A notion of individual ownership of items seems to be innate to the human condition; even the most ancient burials contain goods that are presumed to be owned by the deceased. But for the purposes here, property should be conceived of as ownership or authority over a particular landscape. Remains of dwellings are rarely found from the Pleistocene. An extraordinary shelter at the site of Mal’ta in Siberia from thirty thousand years ago indicates that Ice Age peoples sometimes used mammoth bones to fasten their shelters, presumably with leather coverings, in the frigid tundra (Klein 1971; Vasil’ev 1993). Most shelters would likely have been made from organic material (wood, reed, grass, leather) that have not survived. The food and trash remains (middens) from this period indicate that camp sites were not occupied year-round (Feder 2014, 170-83). There are very few cemeteries from this period (Feder 2014, 180; Wengrow and Graeber 2015)—cemeteries require that families/groups return to a special place for burial. As such, cemeteries are usually interpreted as a sign of sedentism/territorialism because they are a marked place on the landscape that a particular group has claimed for their ancestors (Kelly 1992). The archaeological record therefore shows little to no evidence for sedentism/territorialism, and therefore conceptions of property ownership, for the majority of human history.

In these migrating family groups, there is little evidence for specialized labor. While there are slight variations in stone tool manufacture and use between groups, the basic tool kit remains the same. Both men and women are found with stone tools and there are no significant differences in health between the sexes observed skeletally (Holt and Formicola 2008). Burials themselves generally contain grave goods that are presumed to be tools of the deceased, but there is no elaboration of tombs and only rarely special treatment made to individuals, though exceptions exist (e.g., Pettitt and Bader 2000). While objects of art have been found in the Pleistocene (e.g., “Venus” figurines [Dixson and Dixson 2011; Soffer, Adovasio, and Hyland 2000]), there is not enough evidence to suggest that an individual in the group would have been primarily occupied by anything other than resource/food acquisition.

Resource acquisition in the Pleistocene was from the local environment. The remains of stone tools, the most common archaeological evidence, are almost exclusively from local sources (Feder 2014, 177). Food items are also exclusively from the local environment; there is very little evidence of food storage (Ingold 1983; Whelan et al. 2013), with no ceramics and no evidence for domesticated plants until ten thousand years ago, at the earliest. There is little evidence for sustained, regular long-distance trade in the Ice Age.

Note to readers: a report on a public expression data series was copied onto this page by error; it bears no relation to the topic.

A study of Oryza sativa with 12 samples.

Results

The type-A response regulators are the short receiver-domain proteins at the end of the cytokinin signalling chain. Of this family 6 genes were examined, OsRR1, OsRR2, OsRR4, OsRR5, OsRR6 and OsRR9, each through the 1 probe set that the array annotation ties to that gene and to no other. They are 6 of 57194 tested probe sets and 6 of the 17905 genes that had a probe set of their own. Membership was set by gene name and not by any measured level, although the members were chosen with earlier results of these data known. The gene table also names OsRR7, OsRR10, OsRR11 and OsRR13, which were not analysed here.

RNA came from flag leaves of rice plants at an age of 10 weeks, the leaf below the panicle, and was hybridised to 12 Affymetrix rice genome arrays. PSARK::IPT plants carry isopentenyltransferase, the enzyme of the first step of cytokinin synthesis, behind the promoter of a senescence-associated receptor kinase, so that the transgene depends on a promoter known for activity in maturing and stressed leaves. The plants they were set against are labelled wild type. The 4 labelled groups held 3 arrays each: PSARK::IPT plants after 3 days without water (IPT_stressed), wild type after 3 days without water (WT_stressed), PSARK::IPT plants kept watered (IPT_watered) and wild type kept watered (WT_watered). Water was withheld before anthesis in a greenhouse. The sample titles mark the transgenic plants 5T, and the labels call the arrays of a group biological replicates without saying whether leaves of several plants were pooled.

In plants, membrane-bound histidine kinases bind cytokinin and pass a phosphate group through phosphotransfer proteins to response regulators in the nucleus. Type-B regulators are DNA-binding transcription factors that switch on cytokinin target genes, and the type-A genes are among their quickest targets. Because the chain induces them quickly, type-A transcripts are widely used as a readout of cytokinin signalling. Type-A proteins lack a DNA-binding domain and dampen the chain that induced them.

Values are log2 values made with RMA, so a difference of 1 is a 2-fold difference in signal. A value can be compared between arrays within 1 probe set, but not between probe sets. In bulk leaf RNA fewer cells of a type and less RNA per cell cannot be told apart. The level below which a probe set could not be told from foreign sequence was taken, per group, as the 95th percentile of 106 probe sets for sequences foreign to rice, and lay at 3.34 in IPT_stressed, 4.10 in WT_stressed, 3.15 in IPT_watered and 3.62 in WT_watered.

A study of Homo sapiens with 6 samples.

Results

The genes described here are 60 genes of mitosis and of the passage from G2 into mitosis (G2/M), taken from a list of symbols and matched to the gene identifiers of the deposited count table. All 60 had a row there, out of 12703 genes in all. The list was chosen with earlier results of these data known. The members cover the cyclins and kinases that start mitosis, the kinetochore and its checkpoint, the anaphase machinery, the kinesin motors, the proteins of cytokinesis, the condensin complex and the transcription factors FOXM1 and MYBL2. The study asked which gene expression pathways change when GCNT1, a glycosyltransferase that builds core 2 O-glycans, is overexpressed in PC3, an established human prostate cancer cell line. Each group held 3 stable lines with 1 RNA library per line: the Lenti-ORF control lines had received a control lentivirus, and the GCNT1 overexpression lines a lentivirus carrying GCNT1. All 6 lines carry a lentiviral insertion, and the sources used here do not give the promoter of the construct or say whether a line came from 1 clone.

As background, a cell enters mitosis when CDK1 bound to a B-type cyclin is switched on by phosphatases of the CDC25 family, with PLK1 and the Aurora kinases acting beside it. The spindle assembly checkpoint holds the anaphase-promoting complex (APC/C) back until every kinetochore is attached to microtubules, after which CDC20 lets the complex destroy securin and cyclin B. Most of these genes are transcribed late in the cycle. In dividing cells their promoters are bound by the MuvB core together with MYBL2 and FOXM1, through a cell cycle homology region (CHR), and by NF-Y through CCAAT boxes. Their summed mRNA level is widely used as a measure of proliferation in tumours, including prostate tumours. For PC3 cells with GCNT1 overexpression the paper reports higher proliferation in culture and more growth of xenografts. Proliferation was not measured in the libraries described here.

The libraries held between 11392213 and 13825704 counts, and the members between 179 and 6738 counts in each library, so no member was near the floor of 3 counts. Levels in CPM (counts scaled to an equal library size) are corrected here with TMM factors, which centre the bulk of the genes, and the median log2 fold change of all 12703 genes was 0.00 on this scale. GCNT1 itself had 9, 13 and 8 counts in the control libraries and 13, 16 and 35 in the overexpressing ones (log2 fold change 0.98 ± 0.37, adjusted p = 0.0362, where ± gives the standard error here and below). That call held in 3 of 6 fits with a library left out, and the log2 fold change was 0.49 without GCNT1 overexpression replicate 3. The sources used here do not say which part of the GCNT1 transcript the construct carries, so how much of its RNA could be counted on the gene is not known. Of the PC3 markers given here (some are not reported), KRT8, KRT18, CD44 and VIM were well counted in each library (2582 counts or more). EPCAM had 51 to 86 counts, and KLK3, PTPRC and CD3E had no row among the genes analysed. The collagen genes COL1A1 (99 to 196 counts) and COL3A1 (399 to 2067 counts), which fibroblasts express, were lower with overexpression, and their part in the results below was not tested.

These Pleistocene patterns remained fairly unchanged in many areas of the world until the advent of colonialism. Very few long-distance foraging societies remain today (Kelly 1995). Ethnographic studies of foraging peoples, however, can provide limited analogy into the sociopolitical structures that archaeologists would expect to see in the Pleistocene (Binford 1967, 2001). In these societies, individual bands are led by elders who gain their status through their knowledge and works for the group. These leaders, however, do not experience a significant improvement in their condition relative to the groups. Within mobile hunting-fishing-gathering societies, boasting or showboating is heavily discouraged or even tabooed (Lee 1969; Henrich et al. 2001). This does not mean that inherent inequalities are completely absent from egalitarian foraging groups (Speth 1990).

Around ten thousand years ago, the patterns from the Pleistocene suddenly changed in what archaeologists call the Neolithic revolution. As will be expounded on below, the advent of the Holocene, our current geological epoch, brought warmer and more stable climates worldwide. Population densities started to rise in fertile river valleys, and new archaeological traditions indicate increased social complexity. The patterns seen in the Neolithic revolution are not observed at the same chronological point worldwide; rather, transitions into more complex political and economic situations seem to be predicated by individual situations of population pressure, landscape productivity, and climatic stability. Multiple subsistence strategies are observed in this transition from mobile egalitarianism to inherited leadership positions; while agricultural regimes regularly receive more attention as a stark contrast to prior lifeways, archaeological consensus is now coalescing around the phenomenon of complex hunting-fishing-gathering lifeways as predicating the hierarchical, sedentary, complex societies that now dominate the globe

(Arnold et al. 2015). Before illustrating three archaeological examples of transitions in complexity, I first describe the theoretical underpinnings to feasting regimes.